America’s first Chinese restaurant is said to have been Canton, which opened in San Francisco in 1849. Today there are more than 40,000 such eating places nationwide. It’s hard to find a city or town anywhere in the country that doesn’t have at least one — and according to data released by Google, Chinese is the most popular “ethnic” cuisine in the U.S., edging out Mexican and well ahead of Italian.
These are tough times for Chinese restaurants, however. Even before the pandemic that some insist on calling the “Chinese virus” began affecting business in Chinatowns from coast to coast, the New York Times reported that veteran Chinese restaurateurs were retiring, with nobody to pass their businesses along to, so the number of such places around the country was decreasing.
That number will almost certainly shrink further as a result of business downturns and enforced, if theoretically temporary, restaurant closings in the face of the COVID-19 crisis. (Here’s what you need to know about the coronavirus and America’s restaurants.)
Because we like Chinese food so much as a nation, and because we’re optimistic that the current situation will improve, 24/7 Tempo has assembled a list of the best Chinese restaurants in every state, based on Yelp reviews and ratings.
These include places specializing in dumplings and/or noodles; authentic regional Chinese restaurants serving dishes that might sometimes be unfamiliar to American diners; and good, old-fashioned Chinese-American establishments with menus full of familiar dishes, some of them actually invented in this country, like General Tso’s chicken and those inevitable end-of-meal fortune cookies. (Here are 20 “foreign” foods that are really American.)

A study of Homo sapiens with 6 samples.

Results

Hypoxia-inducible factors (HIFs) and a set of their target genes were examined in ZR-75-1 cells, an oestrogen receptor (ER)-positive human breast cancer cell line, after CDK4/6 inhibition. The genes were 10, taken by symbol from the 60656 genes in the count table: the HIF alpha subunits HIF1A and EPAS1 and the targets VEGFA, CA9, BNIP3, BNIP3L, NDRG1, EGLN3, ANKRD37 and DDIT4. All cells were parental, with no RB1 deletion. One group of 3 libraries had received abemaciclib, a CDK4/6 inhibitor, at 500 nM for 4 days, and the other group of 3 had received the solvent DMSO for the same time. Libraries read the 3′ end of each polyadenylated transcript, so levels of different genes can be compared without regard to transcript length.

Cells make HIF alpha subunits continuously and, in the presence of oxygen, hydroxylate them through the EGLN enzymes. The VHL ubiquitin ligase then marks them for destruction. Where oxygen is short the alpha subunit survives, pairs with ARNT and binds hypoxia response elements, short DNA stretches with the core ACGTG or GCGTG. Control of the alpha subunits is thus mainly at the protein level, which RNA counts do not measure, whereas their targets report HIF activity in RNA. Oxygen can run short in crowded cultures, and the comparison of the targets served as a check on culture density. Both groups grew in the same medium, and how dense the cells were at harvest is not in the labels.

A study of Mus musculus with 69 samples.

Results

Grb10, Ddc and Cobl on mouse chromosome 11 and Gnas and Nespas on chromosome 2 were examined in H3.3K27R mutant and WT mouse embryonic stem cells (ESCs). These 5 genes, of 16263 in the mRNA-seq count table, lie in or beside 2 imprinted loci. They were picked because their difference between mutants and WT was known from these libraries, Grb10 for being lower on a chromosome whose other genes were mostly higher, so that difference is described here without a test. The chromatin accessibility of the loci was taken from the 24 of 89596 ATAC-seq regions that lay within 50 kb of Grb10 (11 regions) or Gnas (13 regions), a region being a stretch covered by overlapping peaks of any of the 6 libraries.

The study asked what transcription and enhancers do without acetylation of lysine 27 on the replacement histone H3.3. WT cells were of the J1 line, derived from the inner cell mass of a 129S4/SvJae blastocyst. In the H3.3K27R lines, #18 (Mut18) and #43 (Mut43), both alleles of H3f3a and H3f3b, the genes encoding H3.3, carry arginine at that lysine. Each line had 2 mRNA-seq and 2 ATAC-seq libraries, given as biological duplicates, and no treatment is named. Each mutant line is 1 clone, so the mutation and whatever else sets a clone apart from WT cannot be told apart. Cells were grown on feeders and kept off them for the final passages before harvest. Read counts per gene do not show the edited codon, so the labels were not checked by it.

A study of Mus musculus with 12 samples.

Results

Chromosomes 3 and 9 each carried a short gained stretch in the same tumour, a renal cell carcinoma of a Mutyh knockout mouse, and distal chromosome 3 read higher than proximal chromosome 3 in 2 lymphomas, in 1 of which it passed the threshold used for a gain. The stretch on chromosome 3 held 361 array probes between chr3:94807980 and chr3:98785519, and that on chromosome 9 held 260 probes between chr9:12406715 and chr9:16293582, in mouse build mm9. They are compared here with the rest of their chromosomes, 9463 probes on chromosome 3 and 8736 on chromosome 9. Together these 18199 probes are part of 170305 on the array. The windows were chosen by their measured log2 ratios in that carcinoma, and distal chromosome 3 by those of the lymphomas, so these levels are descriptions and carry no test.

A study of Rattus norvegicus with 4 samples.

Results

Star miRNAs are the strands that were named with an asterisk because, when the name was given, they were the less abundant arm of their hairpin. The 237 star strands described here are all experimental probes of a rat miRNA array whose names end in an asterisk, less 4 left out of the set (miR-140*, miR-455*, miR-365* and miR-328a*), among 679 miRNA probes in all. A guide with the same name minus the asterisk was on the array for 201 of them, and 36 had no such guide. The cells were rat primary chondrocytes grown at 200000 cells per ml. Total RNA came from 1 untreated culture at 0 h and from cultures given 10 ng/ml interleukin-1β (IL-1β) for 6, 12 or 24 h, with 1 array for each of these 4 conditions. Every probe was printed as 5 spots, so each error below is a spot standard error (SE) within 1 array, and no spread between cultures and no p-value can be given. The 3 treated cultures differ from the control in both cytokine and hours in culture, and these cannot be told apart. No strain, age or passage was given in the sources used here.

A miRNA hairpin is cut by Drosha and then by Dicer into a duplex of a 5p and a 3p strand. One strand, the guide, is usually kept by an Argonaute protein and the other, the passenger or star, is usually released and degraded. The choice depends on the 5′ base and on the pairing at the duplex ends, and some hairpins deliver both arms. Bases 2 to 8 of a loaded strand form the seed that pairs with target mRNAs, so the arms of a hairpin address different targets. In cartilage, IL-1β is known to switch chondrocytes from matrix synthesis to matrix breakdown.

Note that some of these restaurants may be temporarily closed or offering only takeout or delivery services.
To identify the best Chinese restaurant in every state, 24/7 Tempo reviewed the top-rated restaurants nationwide in the Chinese category on Yelp. To be considered, restaurants needed to be in or near a city with a population of at least 100,000 people. In states with few or no cities of this size, restaurants in smaller cities were also considered. This data was obtained on March 13, 2020. Chain restaurants, food trucks, and take-out places without seating were eliminated from the list, as were Chinese markets unless they had in-store restaurants.